Matinees and Ghosts
Got it into my head I needed to see “Star Trek Into Darkness”, decided to avail myself of the aggressive schedule available, and chose a 9:30 am show up the street at Courthouse. After the blissful warmth of Friday, this cool grey Saturday was tailor-made for a trip to a celluloid (well, I guess it’s digital now) temple.
As I was making my way up the hill I felt an echo of nostalgia, of lives lived, and the mental cinema of my past flickered in the back of my mind. My first apartment lay not a quarter mile away, and the theater I was headed to had opened not long after I’d moved in, and had been my refuge and delight. The days of being able to afford cable still a distant dream (and computers were years away) my stereo, broadcast TV and books were the extent of my home entertainment. Of course, I was working two jobs so leisure time was at a premium, but dreams were a quick walk up the street.
I don’t romanticize the struggles of youth, but my trip to the theater this morning reminded me that I used to experience genuine excitement hitting a Saturday matinee. I was going to SEE something, experience something you couldn’t get anywhere else. The proliferation of access, via VCR, then cable, then DVD’s, then Blu-Ray and now streaming has slowly robbed me of that sweet, junkie-like need to get to the theater.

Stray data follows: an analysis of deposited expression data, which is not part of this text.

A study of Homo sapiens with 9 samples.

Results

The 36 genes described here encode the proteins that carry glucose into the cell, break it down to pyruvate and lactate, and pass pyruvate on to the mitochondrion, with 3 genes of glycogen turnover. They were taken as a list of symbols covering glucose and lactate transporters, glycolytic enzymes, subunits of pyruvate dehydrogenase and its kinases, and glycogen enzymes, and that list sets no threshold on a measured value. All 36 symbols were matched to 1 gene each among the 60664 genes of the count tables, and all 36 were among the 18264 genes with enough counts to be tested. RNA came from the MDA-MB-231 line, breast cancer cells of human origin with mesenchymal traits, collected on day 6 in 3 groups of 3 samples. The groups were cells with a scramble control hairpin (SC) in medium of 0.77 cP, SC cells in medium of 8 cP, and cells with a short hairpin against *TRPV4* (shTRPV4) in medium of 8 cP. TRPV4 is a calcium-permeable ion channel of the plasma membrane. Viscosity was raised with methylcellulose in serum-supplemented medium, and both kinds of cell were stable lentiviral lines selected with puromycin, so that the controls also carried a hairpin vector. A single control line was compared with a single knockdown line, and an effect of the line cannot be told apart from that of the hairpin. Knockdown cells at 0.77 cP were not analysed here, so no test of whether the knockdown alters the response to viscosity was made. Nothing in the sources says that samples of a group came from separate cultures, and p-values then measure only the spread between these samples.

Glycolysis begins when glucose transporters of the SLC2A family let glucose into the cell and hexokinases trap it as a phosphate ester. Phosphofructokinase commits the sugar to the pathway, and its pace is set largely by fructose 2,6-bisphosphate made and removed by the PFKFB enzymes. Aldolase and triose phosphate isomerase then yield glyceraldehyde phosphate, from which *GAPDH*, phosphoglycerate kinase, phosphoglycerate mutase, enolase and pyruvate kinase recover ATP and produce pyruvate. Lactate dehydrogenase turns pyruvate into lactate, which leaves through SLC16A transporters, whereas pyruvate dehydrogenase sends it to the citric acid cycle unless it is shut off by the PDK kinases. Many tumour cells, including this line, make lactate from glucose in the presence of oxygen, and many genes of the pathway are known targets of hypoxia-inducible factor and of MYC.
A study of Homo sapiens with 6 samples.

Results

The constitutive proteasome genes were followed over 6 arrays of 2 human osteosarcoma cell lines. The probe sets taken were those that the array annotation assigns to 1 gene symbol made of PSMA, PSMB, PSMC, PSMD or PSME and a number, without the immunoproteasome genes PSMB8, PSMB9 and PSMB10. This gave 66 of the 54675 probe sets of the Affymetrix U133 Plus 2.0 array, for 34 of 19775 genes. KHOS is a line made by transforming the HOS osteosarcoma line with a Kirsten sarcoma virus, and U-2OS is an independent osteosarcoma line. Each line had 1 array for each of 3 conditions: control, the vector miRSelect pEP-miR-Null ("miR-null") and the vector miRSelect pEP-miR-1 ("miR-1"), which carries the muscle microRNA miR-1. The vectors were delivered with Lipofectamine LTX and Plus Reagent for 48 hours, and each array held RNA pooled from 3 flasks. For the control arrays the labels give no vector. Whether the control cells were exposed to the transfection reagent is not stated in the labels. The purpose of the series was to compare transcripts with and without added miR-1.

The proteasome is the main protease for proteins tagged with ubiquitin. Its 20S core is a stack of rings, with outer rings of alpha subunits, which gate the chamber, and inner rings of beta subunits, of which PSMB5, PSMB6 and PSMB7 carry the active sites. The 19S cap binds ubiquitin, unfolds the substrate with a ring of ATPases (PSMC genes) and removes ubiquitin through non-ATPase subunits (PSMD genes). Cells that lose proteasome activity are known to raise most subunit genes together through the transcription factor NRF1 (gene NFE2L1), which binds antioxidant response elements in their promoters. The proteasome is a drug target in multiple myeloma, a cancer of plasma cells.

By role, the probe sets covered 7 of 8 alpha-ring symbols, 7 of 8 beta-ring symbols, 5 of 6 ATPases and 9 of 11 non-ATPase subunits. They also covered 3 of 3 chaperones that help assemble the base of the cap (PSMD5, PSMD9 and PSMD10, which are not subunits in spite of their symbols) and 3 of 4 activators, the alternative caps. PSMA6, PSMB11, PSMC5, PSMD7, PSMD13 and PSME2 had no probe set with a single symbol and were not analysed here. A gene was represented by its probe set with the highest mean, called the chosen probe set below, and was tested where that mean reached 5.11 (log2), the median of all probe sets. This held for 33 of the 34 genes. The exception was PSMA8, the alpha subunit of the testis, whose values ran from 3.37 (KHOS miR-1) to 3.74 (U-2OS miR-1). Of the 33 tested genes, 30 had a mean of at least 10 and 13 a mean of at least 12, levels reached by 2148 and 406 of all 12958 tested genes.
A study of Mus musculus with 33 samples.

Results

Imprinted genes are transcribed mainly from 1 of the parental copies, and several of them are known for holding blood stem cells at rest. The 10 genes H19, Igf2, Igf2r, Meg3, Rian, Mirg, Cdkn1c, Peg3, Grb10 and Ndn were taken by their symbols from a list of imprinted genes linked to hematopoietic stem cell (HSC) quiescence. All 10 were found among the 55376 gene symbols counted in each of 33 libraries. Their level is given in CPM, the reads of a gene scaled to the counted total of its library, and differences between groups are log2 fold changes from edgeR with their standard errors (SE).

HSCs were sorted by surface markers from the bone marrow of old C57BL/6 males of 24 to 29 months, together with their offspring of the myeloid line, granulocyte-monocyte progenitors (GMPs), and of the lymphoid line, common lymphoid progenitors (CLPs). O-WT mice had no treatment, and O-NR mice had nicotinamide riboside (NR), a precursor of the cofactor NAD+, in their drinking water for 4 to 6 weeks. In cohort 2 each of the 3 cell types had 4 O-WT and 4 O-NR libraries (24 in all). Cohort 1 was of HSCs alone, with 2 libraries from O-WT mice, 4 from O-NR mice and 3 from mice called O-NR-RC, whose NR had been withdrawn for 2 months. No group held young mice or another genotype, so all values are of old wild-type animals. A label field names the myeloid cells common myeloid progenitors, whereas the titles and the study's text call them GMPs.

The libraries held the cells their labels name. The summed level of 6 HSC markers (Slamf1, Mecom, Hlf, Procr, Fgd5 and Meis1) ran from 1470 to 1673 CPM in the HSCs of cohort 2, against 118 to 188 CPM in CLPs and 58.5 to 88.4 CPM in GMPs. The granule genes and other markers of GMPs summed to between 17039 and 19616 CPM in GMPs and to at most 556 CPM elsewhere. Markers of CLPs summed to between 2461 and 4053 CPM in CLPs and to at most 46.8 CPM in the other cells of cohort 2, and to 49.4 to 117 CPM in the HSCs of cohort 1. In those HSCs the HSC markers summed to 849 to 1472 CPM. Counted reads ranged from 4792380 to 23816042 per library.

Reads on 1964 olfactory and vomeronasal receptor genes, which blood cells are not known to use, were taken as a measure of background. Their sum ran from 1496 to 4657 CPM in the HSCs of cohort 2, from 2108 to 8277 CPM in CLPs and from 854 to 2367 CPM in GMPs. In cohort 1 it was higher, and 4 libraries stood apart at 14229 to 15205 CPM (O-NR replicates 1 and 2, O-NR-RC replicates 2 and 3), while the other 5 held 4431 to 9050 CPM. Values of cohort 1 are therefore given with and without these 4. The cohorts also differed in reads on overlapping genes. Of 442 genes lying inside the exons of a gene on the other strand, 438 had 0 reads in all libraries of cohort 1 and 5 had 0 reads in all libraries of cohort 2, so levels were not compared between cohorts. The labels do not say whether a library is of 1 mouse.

All of my seminal film going experiences had been in my teens and early twenties, and living in the suburbs, often involved wild excursions into DC where parking and personal safety notional at best. But in the AMC Courthouse, I had MY theater, a place so close it didn’t really matter what was playing. It was a cool oasis when all I had was a window AC, and a perfect hub for dates when winding up back at my place was a strategic objective.
Which brings me back to this morning, as I crested the hill a light rain began to fall, and I walked past a happy poodle at the taco truck, and through disgruntled flea market vendors to my morning movie. Since I’d last been to this theater, it’s been completely renovated, and now sports reserved seating and more comfortable furniture than my apartment.
It took me a minute to get the hang of the ticketing machine, it seemed to sense my discomfort and take delight in baffling me. Taking my seat, I did my best to ignore the bright and brittle adver-tainment on the screen, choosing instead to marvel at how profoundly transformed the theater was – huge burgundy laz-y-boy recliners with twin cup-holders encouraging inhuman sloth and consumption. But, then I opened my eyes to the audience, a significant crowd for a 9:30 show – a happy family, a smattering of grey hairs, groups of tweens, and some young couples in young love.
As the lights dimmed, I remembered so many other moments of the lights dimming, a simple ceremony of transportation – to the waking dream state of stories told in the dark.